Valentine’s week continues for this Artifact Friday! This featured artifact has never been on display here, and in fact, I had to dig deep to find out more about it.

Our museum is home to a collection of keepsakes that were sent home from soldiers, sailors, airmen, and Marines overseas.

One of the items they would often send home was handkerchiefs. In the

mid-20th century, handkerchiefs were carried by almost everyone for practicality and style. Most often, women carried them. Women would build a collection of handkerchiefs and wear them for every occasion like their hats.

During this era of handkerchiefs, women would also have handkerchief holders. Some of these looked like a soft pocketbook, which would open and have a pocket on the inside to hold the handkerchiefs keeping them clean and fresh.

When World War Two started, PX stations at the different bases would sell trinkets for their soldiers to send home such as sweetheart jewelry, pillowcases, handkerchiefs, and yes, handkerchief holders.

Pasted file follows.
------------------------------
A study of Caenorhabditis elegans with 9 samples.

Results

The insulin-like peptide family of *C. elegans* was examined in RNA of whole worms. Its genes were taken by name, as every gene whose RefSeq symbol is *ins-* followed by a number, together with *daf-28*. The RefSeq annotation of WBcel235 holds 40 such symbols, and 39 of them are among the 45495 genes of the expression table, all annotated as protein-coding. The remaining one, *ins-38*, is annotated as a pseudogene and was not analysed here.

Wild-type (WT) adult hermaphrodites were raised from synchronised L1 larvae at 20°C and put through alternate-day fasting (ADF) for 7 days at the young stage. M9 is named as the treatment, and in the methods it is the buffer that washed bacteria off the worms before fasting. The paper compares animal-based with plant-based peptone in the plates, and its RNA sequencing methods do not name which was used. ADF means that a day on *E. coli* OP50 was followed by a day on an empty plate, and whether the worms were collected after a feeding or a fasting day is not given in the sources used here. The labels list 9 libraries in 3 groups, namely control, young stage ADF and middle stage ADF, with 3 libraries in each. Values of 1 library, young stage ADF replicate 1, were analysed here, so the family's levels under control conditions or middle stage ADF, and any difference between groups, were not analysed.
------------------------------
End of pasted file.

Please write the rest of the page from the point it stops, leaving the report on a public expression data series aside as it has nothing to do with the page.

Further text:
Like the sweetheart jewelry, these handkerchief holders were made from special materials due to rationing, and they often represented the branch of the G.I. who sent it. These holders were also patriotic in theme with sweet poems or notes and some even had the base at which the service member was stationed.

The handkerchief holder featured here was sent from Norman, Oklahoma by Cleon Gentry. (There was a Navy base in Norman, Oklahoma during World War Two. It was deactivated in 1959). It has the USMC emblem on it as well as a painted rose and “Sweetheart” poem. The other side features a pair of American flags with the Pledge of Allegiance.

This handkerchief holder was sent by Cleon Gentry to his wife-to-be, Fleeta Brown.

They had both grown up in Arkansas and when Cleon joined the Marine Corps, they maintained their relationship long-distance.

On one of his military leaves, they got married.

Cleon was a mechanic on Marine Corps aircraft. He was stationed in several places during his career including Norman, Oklahoma; Cherry Point, North, Carolina; and Eagle Mountain Lake, Texas.

Their story is a very sweet one that we at the Arkansas Air and Military Museum will keep on telling for years to come!